Tue December 4, 2012
Classical Lost And Found: Hubert Parry's Glorious England
Originally published on Wed December 5, 2012 9:53 am
Composers Hubert Parry, Charles Villiers Stanford and Edward Elgar dominated the British musical scene in the latter half of the Victorian age through the Edwardian era. Albums of Parry's music have been rare lately, so this new recording by Neeme Järvi and BBC National Orchestra and Chorus of Wales is most welcome. Except for Parry's ever-popular Jerusalem, all the selections here are world premiere recordings.
The album opens with music written for King George V's coronation in 1911, the Te Deum for chorus and orchestra. Six trumpets, commanding low pedal points and hints of the familiar "St. Anne" and "Old Hundredth" hymn tunes make it a sonorously regal piece.
For the nationalistic choral song England, from 1918, Parry turned to Shakespeare, paraphrasing John of Gaunt's famous second act monologue in Richard II. Lasting under four minutes, it's set to one of those inspiring melodies British composers of this period so regularly came up with.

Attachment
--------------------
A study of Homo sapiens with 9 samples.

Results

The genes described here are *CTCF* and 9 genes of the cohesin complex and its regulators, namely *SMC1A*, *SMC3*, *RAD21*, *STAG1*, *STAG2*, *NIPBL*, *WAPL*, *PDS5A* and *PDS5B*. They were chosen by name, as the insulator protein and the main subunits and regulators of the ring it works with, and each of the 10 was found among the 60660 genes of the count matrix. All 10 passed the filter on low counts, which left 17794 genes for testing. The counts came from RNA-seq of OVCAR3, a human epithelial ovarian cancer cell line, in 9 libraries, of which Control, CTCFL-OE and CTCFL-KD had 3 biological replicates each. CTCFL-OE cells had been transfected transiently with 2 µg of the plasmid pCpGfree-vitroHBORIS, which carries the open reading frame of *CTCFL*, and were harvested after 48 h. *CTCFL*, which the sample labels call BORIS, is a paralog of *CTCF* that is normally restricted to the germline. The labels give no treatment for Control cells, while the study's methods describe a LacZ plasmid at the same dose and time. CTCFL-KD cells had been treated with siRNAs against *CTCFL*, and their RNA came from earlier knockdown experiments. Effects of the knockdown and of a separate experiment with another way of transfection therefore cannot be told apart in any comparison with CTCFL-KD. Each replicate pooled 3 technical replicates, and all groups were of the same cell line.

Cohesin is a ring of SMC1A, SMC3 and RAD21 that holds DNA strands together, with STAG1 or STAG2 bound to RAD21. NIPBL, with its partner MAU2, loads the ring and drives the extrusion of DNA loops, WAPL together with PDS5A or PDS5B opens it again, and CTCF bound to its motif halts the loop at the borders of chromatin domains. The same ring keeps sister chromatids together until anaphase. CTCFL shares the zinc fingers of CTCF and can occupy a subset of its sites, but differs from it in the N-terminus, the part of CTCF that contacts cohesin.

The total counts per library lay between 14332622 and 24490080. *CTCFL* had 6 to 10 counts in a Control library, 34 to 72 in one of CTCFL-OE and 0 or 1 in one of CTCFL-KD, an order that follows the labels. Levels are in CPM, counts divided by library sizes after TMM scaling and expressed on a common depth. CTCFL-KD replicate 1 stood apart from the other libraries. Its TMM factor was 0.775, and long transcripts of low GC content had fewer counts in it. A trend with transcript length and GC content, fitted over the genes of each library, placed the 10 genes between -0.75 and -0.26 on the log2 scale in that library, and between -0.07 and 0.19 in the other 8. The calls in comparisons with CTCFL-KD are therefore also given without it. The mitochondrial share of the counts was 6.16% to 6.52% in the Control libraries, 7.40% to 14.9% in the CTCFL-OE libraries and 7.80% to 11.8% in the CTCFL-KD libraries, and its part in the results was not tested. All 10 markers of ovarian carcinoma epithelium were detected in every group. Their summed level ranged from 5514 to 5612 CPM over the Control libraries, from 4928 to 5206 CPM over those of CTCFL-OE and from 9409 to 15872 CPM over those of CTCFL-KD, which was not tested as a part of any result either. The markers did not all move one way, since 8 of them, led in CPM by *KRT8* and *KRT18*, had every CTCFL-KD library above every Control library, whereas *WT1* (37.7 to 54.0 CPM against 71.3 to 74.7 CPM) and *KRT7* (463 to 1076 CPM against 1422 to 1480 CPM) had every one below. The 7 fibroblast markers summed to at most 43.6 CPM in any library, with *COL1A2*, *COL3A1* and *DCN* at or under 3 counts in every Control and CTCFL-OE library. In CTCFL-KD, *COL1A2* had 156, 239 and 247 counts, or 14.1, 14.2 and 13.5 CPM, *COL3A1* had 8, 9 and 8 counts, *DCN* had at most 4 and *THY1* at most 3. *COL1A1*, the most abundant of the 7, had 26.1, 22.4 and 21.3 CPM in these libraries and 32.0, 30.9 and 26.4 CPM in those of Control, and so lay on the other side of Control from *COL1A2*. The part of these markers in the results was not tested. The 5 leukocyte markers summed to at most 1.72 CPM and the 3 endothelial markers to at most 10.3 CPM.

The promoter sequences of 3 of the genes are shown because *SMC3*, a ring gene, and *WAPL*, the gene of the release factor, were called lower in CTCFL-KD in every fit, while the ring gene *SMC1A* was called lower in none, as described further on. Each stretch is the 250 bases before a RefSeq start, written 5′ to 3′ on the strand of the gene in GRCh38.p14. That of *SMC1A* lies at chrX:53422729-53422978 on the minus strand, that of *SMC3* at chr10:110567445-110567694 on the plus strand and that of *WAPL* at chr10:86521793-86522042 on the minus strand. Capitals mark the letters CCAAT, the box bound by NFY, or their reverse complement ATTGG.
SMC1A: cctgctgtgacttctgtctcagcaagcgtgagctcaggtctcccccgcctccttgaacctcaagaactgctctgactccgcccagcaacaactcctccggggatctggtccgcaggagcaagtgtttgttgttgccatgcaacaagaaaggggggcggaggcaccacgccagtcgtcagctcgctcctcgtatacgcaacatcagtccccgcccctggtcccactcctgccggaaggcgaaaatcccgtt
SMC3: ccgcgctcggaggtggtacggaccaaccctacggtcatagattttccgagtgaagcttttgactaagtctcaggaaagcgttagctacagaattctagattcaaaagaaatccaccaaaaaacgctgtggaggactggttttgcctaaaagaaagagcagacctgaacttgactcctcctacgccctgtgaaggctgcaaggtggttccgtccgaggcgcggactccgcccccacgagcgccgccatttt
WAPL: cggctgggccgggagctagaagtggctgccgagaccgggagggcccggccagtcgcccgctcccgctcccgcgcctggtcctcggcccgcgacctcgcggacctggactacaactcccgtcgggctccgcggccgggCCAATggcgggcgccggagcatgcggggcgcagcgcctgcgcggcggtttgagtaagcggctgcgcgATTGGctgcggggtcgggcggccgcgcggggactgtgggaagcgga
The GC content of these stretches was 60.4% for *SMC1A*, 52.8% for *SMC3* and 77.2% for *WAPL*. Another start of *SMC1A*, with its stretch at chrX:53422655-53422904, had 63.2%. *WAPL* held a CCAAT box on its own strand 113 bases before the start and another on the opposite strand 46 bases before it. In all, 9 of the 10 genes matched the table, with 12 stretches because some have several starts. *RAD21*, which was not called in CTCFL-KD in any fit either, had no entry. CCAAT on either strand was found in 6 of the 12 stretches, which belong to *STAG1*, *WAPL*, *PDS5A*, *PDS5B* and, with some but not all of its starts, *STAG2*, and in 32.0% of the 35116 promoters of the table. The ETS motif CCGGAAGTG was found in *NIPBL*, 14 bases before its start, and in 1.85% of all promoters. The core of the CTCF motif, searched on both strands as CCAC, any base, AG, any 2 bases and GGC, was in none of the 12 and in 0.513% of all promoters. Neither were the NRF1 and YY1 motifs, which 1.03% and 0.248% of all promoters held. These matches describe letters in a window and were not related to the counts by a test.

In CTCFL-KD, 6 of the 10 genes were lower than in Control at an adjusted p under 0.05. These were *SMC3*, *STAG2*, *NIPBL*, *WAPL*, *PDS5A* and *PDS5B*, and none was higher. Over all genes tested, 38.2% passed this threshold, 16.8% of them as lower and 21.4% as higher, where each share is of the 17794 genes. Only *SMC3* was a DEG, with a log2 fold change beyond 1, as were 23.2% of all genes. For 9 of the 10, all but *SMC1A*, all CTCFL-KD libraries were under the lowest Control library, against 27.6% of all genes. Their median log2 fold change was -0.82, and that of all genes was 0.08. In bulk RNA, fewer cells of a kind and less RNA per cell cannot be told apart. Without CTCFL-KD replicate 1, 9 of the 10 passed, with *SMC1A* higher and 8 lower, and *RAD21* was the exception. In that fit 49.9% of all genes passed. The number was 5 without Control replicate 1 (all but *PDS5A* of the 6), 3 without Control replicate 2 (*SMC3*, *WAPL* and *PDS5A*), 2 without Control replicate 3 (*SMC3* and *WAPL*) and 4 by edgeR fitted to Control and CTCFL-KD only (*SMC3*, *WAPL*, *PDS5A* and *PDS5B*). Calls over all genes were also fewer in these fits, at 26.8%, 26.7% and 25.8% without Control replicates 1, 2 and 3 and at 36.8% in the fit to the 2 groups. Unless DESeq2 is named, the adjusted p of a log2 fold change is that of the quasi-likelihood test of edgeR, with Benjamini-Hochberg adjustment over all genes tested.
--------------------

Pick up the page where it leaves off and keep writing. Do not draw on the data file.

The only purely orchestral work on the album is Parry's colorful suite from incidental music he wrote for an 1883 Cambridge University production of The Birds by Aristophanes. Highlights include an airy "Introduction," a twittering "Entry of the Birds," a Wagnerian "Entr'acte" and the "Bridal March of the Birds," which is another of those big British tunes anticipating Elgar's Pomp and Circumstance marches.
That beloved old chestnut Jerusalem, for soprano, chorus and orchestra (from 1916), is performed in Parry's original orchestration. It is a refreshing change from Elgar's more vaunting version of 1922, heard each year as the closing number of the Proms concerts.
The Glories of Our Blood and State, a setting of a poem by James Shirley, reflects Parry's admiration for Brahms, with whom Parry once tried to study. And the Magnificat for soprano, chorus and orchestra (from 1897) owes a debt to J.S. Bach, whom Parry also greatly revered.
Dedicated to Queen Victoria on her Diamond Jubilee, the Magnificat is in five sections with an emphasis on counterpoint, as well as other Baroque devices, and takes its cue from Bach's own Magnificat (BWV 243). This is quite apparent in the exultant opening, while the third part, "Et misericordia," is a choral meditation with a moving violin obbligato, and one of Parry's loveliest moments. The finale ends with an exciting fugue and cyclic reminder of the work's opening measures.
Järvi, soprano Amanda Roocroft and the chorus and orchestra deliver stirring performances fit for this rarely heard music from one of England's finest.
Bob McQuiston revels in under-the-radar repertoire at his website Classical Lost and Found.